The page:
A team of astronomers have used a bent light to locate one of the biggest black holes ever found. It’s hundreds of millions of light years from Earth and over 30 billion times the mass of the Sun.
The amazing discovery—described by the lead scientist as “extremely exciting”—was published this week in the journal Monthly Notices of the Royal Astronomical Society.
It was found using a technique called gravitational lensing —also known as an “Einstein ring”—which is when the gravitational field of a foreground object is so intense that it distorts the space around it and bends the light from an object behind it into circular rings, both revealing its existence and magnifying it.
Gravitational lensing is the best way to infer the presence of incredibly distant objects and measure their mass, though the team—led by Durham University in the UK—also used supercomputer simulations.
When an ultramassive black hole was used in the simulations the results matched the path seen in real images of deep space captured by the Hubble Space Telescope.
“This particular black hole is one of the biggest ever detected and on the upper limit of how large we believe black holes can theoretically become, so it is an extremely exciting discovery,” said lead author Dr James Nightingale, Department of Physics, Durham University. “Gravitational lensing makes it possible to study inactive black holes, something not currently possible in distant galaxies.”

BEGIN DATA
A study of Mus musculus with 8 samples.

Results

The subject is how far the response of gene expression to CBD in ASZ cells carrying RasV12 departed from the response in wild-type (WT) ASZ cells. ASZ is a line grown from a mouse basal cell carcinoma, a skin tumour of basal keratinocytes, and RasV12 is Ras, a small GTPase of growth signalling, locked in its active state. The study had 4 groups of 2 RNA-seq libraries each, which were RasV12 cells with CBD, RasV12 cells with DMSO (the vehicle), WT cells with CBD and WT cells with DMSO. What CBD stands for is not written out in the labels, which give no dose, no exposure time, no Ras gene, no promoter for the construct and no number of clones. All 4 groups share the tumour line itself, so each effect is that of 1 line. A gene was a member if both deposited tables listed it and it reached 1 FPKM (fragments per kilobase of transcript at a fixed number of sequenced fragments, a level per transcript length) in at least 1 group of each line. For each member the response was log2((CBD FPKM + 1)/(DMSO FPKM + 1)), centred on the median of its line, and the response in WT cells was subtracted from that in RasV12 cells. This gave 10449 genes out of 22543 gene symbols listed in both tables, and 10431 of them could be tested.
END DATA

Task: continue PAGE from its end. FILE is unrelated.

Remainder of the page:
It’s hoped that this new approach could allow astronomers to find more inactive and ultramassive black holes in the distant universe.
Our understanding of gravitational lensing and the incredible magnifying effect is has on the distant universe is a direct result of a prediction by Albert Einstein in his General Theory of Relativity. Einstein theorized that a gravitational field affects the path of a ray of light. Two British expeditions to observe a total solar eclipse on May 29, 1919 were able to take images of the stars of Gemini around the Sun. They proved to be slightly out of position compared to images of the same patch of sky taken at night, which indicated that the Sun slightly bends spacetime, causing light to travel in something other than a straight line. The result was announced on November 6, 1919.
The deflection of light by gravitational fields—or gravitational light bending—is now called gravitational lensing and has become a critical tool for cosmologists.